Xi seeks to tame relations between center and periphery



The proximate cause of this failure is the dysfunctional relationship between local governments and the central government in Beijing. Local governments have extremely limited scope in tax-raising authority. The year 2014 saw local government bond auctions tied to opaque high-level bureaucratic procedures that mimicked a rule-based system, but the auctions required that all monies be redistributed back to the provinces after having been deposited in the coffers of the central government. When local officials don’t have significant social gravitas, they use shadowy financial vehicles to borrow.

Zhou Xiaochuan, former governor of the People’s Bank of China, noted before his retirement early this year that “huge debts are the root weakness in China’s macro financial system.

This disharmony between the central and local governments has a political origin. Without real political reform from above evidencing norms suppressing murky financing vehicles, the fracturing between the center and the periphery will grow.

Currently, local governments receive about half of total tax revenues but remain responsible for nearly two-thirds of government spending. The result is keeping local authorities dependent on transfers originating from a commanding center.

To escape dependency, local governments create from local capital investment companies under their own authority called “local government financing vehicles.” Because these LGFVs are not regulated banks, they are run as state-owned enterprises, permitting them to ignore budget constraints.

Relations between competing layers of state authority have remained endemic throughout Chinese history. What’s different now is that Xi Jinping has openly sought to address this fundamental flaw by stressing the need for unity. Lou Guanzhong’s epigram during the Han Dynasty perfectly embodies Chinese federalism: “The empire, long divided, must unite; long united, must divide.”

Persuading local-government officials to limit their autonomy has not worked, and Xi’s effort at centralization is an attempt to forestall obstruction from below. Xi’s effort is aimed at clarifying divergent fiscal roles between the two centers.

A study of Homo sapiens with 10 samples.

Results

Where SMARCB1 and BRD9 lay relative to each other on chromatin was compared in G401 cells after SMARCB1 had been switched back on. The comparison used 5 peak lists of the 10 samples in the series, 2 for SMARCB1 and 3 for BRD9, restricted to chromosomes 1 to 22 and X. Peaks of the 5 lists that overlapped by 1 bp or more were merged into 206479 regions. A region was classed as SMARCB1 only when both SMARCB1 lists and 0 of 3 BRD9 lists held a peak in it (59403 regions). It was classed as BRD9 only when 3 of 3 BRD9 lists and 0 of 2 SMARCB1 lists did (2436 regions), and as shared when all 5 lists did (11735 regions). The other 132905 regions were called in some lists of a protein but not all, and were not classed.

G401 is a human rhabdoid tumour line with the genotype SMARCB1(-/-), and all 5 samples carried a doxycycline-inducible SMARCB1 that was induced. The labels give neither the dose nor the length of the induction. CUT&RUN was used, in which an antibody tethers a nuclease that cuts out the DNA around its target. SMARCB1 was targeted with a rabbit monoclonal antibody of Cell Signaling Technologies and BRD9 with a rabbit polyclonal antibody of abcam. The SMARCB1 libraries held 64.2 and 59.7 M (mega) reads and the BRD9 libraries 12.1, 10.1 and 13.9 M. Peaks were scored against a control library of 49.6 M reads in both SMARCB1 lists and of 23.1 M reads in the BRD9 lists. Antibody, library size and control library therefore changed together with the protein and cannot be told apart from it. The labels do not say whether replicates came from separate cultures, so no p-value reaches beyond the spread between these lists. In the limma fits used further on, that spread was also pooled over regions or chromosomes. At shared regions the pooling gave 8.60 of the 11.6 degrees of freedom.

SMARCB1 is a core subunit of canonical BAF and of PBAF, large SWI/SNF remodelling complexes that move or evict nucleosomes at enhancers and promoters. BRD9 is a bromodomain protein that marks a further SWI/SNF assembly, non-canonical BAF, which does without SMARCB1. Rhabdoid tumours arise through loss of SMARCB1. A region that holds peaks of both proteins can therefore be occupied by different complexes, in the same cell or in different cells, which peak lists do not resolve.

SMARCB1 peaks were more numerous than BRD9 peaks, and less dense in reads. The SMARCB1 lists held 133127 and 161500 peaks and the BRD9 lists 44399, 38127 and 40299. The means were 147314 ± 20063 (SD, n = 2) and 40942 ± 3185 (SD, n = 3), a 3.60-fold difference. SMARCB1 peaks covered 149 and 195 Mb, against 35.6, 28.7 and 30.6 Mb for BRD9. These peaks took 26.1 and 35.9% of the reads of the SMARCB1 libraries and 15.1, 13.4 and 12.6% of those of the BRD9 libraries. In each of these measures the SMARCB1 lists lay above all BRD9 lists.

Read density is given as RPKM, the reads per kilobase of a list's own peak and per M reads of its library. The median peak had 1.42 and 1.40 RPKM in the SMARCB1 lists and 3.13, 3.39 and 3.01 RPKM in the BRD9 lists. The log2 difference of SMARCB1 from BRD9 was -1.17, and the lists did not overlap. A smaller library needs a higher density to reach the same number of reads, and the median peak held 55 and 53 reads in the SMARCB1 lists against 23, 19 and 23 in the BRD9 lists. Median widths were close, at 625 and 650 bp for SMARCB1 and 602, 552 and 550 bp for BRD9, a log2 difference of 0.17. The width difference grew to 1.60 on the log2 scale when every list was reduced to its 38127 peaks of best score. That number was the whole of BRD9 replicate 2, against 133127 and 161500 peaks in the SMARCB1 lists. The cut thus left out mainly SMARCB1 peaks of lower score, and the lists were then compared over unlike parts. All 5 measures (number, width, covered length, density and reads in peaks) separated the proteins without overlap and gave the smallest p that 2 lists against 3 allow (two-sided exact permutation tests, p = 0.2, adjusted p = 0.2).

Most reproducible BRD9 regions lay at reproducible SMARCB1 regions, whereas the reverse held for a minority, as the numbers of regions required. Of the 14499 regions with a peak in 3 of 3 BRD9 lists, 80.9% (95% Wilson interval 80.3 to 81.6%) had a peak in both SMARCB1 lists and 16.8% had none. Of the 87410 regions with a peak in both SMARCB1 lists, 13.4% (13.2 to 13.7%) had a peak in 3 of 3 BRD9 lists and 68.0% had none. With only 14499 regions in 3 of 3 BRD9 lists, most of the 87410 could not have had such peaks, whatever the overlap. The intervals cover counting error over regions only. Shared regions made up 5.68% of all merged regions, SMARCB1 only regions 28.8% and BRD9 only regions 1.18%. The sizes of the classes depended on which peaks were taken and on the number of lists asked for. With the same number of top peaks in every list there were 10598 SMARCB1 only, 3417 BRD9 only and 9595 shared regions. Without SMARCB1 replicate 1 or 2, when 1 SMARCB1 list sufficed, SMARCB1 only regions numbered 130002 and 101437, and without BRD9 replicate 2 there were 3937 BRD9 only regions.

In 2013, Beijing discovered 10,000 LGFVs commanding more than 7 trillion yuan or 13% of gross domestic product. China has 31 provinces and 2,800 county administrators covering 330 prefectures. The math indicates that three LGFVs operate per jurisdiction. Couple this with China’s total outstanding credit and we arrive at 250% of GDP, an insurmountable level of opacity and distortion.

China’s persistent debt problem reveals how difficult governing China has become under Xi’s tenure. We should anticipate indigenous limits to Xi’s power grab at the center

Typical of Keynesian accounting, they seek to hide or couch errors that ameliorate their responsibility, for after having discovered a morass of failed fiscal vehicles, Xi ordered provincial leaders last July to reclassify these loans so they no longer appear in official statistics. Currently, Beijing’s commanding center permits public-private partnerships to disguise debt as private capital.

According to Huo Zhihu of China Securities Credit Rating, a domestic ratings agency, China’s persistent debt problem reveals how difficult governing China has become under Xi’s tenure. We should anticipate indigenous limits to Xi’s power grab at the center.

What proposals should Xi pursue in his endeavor to formalize governing fiscal norms between the center and its periphery?

He should formalize distinct governing authorities regarding local tax-raising power. To lessen any immediate or future mismatch between spending and revenues, Xi needs to implement a Chinese version of federalism that complements the principle of subsidiarity while openly promoting ethics (functioning fiscal norms) between competing sources of authority.

Xi should openly permit local governments to source projects from newly regulated property taxes. This would in effect parlay China’s democracy deficit in a meaningful direction toward political transparency while underwriting economic growth.

However, it’s a foregone conclusion that this won’t happen, because the locals don’t trust politically appointed cadres in the center. And both levels of authority have publicly sustained defense mechanisms to thwart each other’s initiatives.

Those residing at the center firmly believe that the locals need to be reined in, not rewarded with a new tax base. Those who make their living at the periphery continue to evade the center by sustaining new elaborate fiscal schemes aimed at justifying what little autonomy they possess. And China’s new emerging middle class doesn’t want to pay any value-added or property tax that opens them to public scrutiny.

The West has hyped Xi Jinping’s move to eliminate term limits for himself without knowing the state of China’s domestic-policy fault lines that moved Xi’s tenure toward militant centralization. By seeking authority reminiscent of previous monarchs, he is attempting to resolve China’s local debt crisis. This will be a dramatic test of his leadership.